Alan Baker, LEFT, Israel’s ambassador to Canada, is looking at his last few months in Ottawa with satisfaction tinged with some regret.
Satisfaction that the relationship between the two countries is as good
as it’s been in quite some time; regret that 10 years after Israel and
Canada inked a free trade agreement, two-way trade remains stuck at the
$1-billion mark.Nevertheless, for Baker, the glass is a lot more than
half full. “The Canada-Israel relationship is improving every week,” he
said in a telephone interview from Ottawa.
At the ministerial level, Canadian and Israeli lawmakers have good personal and working relationships. The countries’ prime ministers, Stephen Harper and Ehud Olmert, “speak regularly on the phone,” while their foreign ministers, Maxime Bernier and Tzipi Livni, are also in frequent contact. John Baird, Canada’s environment minister, is slated to travel to Israel where he will meet his counterpart at an environmental conference, while Stockwell Day, Canada’s minister of public safety, recently attended a conference in Israel and met with Avi Dichter, his Israeli counterpart.
Throw in the bilateral agreements between the two countries’ police forces in the areas of drug smuggling and anti-terrorism, and for Baker, all in all, it’s been a pretty good year.
“I like to think it’s because of the ambassador, but realistically, it’s a mixture of everything,” he said. “The present Canadian government is very supportive of Israel… There are ongoing bilateral developments and they are much better than it has been in years. Harper is a leading influence in his attitude to Israel, but it’s also due to a commonality and mutuality of interests.”
Canada’s potential assistance in peace talks is valued, Baker said, given its reputation in the international community, as is its assistance to the Palestinian Authority in training police.
Canada’s experience in making multiculturalism work can also serve as a model in the region. “Canada can help bring the Palestinians from a psyche of terror to one of living together,” Baker added.
At the United Nations and its Human Rights Council (UNHRC), Canada has built upon a speech given by former UN ambassador Alan Rock in which he criticized divisive resolutions that did not advance peace.
At the UNHRC, “Canada has opposed one-sided resolutions” and the attempt by “Muslim states to hijack the agenda,” Baker said.
He applauded Canada for withdrawing from Durban II, the follow-up to the notorious UN World Conference Against Racism in 2001 that critics said turned into an anti-Semitic and anti-Zionist event.
Despite those positive developments, Baker said, work remains to be done. “The bilateral commercial relationship is still disappointing to me.”
Ten years ago, the two countries signed a free trade agreement, but he believes that it’s been underutilized.
Concerns over security may have been a factor in limiting Canadian interest seven or eight years ago, but that shouldn’t be a factor now, Baker said.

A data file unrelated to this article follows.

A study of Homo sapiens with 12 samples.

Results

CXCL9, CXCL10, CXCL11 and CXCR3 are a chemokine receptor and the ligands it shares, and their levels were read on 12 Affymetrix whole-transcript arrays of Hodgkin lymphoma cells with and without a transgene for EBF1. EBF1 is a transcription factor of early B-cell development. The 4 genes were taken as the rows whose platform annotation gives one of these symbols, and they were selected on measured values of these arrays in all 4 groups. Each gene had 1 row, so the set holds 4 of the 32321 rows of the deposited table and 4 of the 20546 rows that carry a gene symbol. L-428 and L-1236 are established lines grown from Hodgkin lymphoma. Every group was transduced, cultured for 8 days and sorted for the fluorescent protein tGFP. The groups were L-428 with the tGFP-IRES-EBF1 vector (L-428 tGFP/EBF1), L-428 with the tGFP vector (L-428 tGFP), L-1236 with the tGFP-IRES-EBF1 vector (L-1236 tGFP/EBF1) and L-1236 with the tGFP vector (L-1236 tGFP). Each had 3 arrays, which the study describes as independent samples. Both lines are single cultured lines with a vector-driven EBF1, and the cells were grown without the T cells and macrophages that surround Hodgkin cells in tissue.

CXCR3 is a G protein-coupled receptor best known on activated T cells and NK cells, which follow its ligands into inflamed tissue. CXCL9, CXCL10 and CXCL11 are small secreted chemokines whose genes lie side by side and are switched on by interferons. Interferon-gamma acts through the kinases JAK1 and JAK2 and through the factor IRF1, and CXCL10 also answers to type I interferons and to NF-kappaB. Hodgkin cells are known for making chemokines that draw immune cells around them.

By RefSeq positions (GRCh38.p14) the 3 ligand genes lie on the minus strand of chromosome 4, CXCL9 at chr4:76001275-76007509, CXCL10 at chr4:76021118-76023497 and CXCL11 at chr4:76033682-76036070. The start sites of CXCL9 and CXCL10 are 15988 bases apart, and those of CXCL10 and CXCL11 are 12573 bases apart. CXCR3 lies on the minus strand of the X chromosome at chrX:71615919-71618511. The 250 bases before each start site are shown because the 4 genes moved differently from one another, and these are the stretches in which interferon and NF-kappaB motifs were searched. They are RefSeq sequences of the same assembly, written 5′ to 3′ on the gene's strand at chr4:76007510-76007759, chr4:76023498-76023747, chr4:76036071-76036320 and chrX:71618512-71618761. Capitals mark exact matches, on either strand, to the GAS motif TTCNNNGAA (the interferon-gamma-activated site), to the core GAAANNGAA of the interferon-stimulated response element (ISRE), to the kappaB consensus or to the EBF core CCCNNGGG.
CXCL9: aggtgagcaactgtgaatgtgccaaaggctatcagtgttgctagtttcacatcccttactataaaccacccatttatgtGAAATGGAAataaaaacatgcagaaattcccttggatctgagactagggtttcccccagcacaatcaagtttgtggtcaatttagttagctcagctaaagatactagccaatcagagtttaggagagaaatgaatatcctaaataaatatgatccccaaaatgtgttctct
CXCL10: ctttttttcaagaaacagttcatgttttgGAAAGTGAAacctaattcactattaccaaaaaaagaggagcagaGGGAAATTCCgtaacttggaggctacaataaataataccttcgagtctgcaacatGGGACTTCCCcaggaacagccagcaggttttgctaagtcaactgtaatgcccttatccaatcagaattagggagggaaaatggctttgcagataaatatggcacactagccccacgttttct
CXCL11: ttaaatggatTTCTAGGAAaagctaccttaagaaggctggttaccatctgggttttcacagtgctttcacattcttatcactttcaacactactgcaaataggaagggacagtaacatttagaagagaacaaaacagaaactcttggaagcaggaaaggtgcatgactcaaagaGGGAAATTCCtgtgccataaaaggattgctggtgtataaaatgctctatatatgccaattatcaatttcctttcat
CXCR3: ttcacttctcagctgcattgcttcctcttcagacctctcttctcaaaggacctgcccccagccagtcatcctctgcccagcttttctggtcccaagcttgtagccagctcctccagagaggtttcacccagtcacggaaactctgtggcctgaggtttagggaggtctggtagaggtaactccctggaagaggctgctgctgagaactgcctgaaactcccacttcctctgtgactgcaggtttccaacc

Israel is a “superpower” in high tech, with leading developments in the medical, agricultural and computer fields, and the chip inside the Blackberry was developed in Israel, he added.
Baker was hopeful the recently reconstituted Canada Israel Chamber of Commerce would boost trade between the countries.
If so, it will have to overcome some negative reporting by Canada’s media, he said.
Correspondents in Israel inject negative elements into positive stories, and “I spend a lot of time trying to correct reports from Canadian correspondents in Israel to put things in a more proportional way,” he added.
Baker issued a warning to the Jewish community to focus its resources on supporting students on campus, who he said are “on the front lines” of anti-Israel agitation. “There’s a well-oiled, well-financed campaign” to vilify Israel, he added.
Another source of concern was hostility by organized labour toward the Jewish state, as demonstrated by anti-Israel resolutions adopted by the Canadian Union of Postal Workers (CUPW) and CUPE Ontario.
Ironically, at the same time, Baker said his relationship with Arab and Muslim ambassadors posted in Ottawa seems to have improved.
Envoys from Jordan, Egypt and Albania attended the embassy’s Independence Day party, and he has developed good relationships with ambassadors representing countries that don’t even have diplomatic relationships with Israel.
Of course, the Syrian, Lebanese and Iranian ambassadors will have nothing to do with him, but Baker said he’s on good terms with colleagues from Saudi Arabia, Iraq and Yemen.
As Baker winds up his four-year tour of duty in Ottawa, he’s happy he’s been able to tour Canada and meet people from some of its smaller communities.
“It’s been a huge privilege and honour to represent Israel in a country like Canada,” he said.